Former Alban Arena manager killed in Fisherman’s Friends accident

Paul McMullen (right) with St Albans tourism manager and friend Charles Baker

Paul McMullen (right) with St Albans tourism manager and friend Charles Baker - Credit: Archant

THE tragic death of a band’s tour manager in a freak accident on Saturday has been greeted with shock and disbelief by his many friends in St Albans.

And by a sad irony Paul McMullen was back at the Alban Arena, where he was manager for many years, the night before he died after being trapped under a metal door in a loading bay at a theatre in Guildford.

Paul started work at the Alban Arena in 2000 as marketing manager and went on to become business manager, bringing such shows as Blood Brothers to the local stage.

He left in 2008 to promote tours across the country, including Adam Ant, and it was while he was working with the Cornish group Fisherman’s Friends that the accident happened.

The 10-piece band, who also lost one of their singers Trevor Grills as a result of the same accident, played the Arena last Friday night. The accident happened only hours later and Paul died at the scene after suffering severe injuries to his legs.

Frank Leclezio, general manager of the Arena and a long-time friend of Paul, said he had seen him on Friday night and he had seemed upbeat and in a really good mood.

“We had a chat and the next thing I knew was that he had been badly injured in Guildford.”


Frank said: “Paul left the Arena to set up his own business, Campbell Smith Management and because he wanted to get back home to his family as well.”

The two men had been friends for 15 years and every summer they went up to the Edinburgh Fringe Festival together. Frank said that Paul had taken the Arena to a whole new level with Fun Lovin’ Criminals as the first big name act to come to the venue followed by nationally touring shows like Blood Brothers.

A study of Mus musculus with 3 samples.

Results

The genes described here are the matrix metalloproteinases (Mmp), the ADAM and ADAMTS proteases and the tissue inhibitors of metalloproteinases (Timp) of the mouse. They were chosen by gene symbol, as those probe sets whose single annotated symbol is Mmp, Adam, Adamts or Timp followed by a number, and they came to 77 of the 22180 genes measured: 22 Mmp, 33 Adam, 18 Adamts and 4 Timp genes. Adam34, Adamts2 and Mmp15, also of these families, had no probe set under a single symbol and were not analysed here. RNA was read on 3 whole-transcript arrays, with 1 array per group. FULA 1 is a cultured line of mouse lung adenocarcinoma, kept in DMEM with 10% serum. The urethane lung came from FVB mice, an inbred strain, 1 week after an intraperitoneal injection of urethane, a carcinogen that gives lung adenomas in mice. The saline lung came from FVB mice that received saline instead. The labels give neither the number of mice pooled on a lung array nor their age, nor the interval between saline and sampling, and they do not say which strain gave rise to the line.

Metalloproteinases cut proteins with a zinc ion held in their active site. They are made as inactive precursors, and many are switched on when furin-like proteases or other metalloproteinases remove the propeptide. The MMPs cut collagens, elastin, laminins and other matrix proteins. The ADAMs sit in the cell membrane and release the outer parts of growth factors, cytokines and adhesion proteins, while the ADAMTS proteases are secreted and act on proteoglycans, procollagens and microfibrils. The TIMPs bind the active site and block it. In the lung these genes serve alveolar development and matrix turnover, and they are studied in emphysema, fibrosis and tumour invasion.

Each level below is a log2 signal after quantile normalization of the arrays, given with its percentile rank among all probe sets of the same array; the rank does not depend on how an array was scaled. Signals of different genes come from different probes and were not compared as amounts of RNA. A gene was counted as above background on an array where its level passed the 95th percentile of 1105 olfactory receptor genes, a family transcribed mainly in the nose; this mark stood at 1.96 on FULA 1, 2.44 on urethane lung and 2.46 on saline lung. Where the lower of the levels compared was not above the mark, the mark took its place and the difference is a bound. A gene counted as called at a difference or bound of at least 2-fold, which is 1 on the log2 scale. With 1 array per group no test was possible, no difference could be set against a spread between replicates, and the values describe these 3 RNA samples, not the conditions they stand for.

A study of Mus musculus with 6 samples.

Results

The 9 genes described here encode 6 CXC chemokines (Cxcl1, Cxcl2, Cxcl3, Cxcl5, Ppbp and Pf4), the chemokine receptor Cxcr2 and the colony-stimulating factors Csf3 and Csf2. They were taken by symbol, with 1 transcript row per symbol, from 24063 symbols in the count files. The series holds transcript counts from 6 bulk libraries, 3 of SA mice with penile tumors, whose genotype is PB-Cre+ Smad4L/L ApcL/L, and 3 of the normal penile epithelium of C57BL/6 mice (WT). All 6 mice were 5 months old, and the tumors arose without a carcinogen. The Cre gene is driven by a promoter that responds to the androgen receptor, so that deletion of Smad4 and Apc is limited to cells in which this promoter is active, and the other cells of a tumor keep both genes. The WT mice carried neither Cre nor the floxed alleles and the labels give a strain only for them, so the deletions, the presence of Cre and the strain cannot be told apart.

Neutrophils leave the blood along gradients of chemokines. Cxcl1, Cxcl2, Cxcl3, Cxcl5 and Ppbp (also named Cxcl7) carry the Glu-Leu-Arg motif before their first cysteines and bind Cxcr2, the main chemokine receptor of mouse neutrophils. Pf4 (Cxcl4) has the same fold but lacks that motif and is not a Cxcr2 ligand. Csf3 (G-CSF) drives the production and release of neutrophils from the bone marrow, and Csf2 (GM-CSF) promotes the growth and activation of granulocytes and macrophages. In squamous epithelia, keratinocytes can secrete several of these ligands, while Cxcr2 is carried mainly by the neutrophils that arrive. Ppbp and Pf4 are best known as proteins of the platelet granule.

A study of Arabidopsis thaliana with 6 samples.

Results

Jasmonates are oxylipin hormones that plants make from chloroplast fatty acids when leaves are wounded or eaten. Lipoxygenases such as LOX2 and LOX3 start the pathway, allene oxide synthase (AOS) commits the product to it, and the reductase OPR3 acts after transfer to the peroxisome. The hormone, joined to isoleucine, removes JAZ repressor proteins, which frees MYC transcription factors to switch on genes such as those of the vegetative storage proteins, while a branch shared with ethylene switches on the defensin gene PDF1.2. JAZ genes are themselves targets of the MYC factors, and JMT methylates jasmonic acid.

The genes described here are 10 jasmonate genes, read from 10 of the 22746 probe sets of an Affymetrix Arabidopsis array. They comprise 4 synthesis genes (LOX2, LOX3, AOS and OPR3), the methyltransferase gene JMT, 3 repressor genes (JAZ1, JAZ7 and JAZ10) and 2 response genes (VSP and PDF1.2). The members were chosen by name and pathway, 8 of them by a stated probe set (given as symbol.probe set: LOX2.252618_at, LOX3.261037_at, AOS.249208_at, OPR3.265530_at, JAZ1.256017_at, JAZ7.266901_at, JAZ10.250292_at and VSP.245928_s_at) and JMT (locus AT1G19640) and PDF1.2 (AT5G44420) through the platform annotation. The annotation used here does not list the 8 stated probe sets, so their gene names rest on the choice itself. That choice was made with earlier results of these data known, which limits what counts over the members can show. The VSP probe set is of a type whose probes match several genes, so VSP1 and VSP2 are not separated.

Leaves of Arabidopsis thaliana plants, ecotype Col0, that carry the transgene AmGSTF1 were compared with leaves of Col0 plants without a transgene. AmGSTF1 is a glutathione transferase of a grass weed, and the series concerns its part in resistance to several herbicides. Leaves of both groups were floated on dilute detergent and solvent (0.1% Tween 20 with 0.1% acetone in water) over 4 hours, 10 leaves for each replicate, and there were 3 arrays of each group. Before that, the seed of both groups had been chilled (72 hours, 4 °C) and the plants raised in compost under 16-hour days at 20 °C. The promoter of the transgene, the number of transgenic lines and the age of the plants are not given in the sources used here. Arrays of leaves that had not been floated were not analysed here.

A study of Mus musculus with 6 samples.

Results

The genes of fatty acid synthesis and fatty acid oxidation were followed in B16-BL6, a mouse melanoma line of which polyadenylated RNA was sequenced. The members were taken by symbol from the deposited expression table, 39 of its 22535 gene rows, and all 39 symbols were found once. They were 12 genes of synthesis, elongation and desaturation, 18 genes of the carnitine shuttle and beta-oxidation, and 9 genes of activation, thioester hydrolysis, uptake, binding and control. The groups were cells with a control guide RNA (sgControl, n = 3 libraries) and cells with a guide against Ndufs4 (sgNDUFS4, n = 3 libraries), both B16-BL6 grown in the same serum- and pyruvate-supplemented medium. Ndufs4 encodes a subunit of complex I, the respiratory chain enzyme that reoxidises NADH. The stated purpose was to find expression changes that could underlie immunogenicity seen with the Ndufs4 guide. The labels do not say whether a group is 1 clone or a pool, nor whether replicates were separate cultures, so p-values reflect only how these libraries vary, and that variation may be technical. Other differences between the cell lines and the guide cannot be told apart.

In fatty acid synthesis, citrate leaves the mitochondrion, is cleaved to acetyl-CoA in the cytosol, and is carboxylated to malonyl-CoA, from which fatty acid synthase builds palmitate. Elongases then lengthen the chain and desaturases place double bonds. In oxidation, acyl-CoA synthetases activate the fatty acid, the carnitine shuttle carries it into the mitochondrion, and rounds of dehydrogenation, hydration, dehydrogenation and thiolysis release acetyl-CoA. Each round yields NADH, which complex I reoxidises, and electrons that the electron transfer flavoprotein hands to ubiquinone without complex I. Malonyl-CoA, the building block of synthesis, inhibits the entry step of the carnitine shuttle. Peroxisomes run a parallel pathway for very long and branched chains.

Frank added: “He was happy, charming, funny, approachable and a very good friend. He will be sadly missed.”

St Albans council’s tourism manager, Charles Baker, another close friend of Paul’s, described his death as a “bolt out of the blue”.

He said: “I have many fond memories of Paul. I have known him for about 10 years. He was a friend, confidante, colleague, lodger and more recently an usher at my wedding. He was sociable, charming, generous, and always cheerful, with a smile and laugh that would make you laugh or smile in return no matter what mood you were in.”

He described him as always very professional at work and spoke about how his belief and support of his staff gained their loyalty and respect.

Charles went on: “He was a man with great integrity and flair, and a passion for the arts and in particularly for live music from which he eventually carved out a career.”

But, he added, his first love was his family. “He was devoted to his wife Sarah and young son, Daniel. You only had to mention their names and his face would light up with love and pride. It is with them that my thoughts are at the moment.”

Tributes have also been paid by his many friends in the area. In a tweet, Trestle Theatre in Russet Drive, St Albans, described him as “an amazing man and such a large part of the St Albans arts scene for so many years.”

And a statement on behalf of the Arena said that all the staff were deeply saddened by the loss of a long-time colleague and friend who still had strong ties with the venue.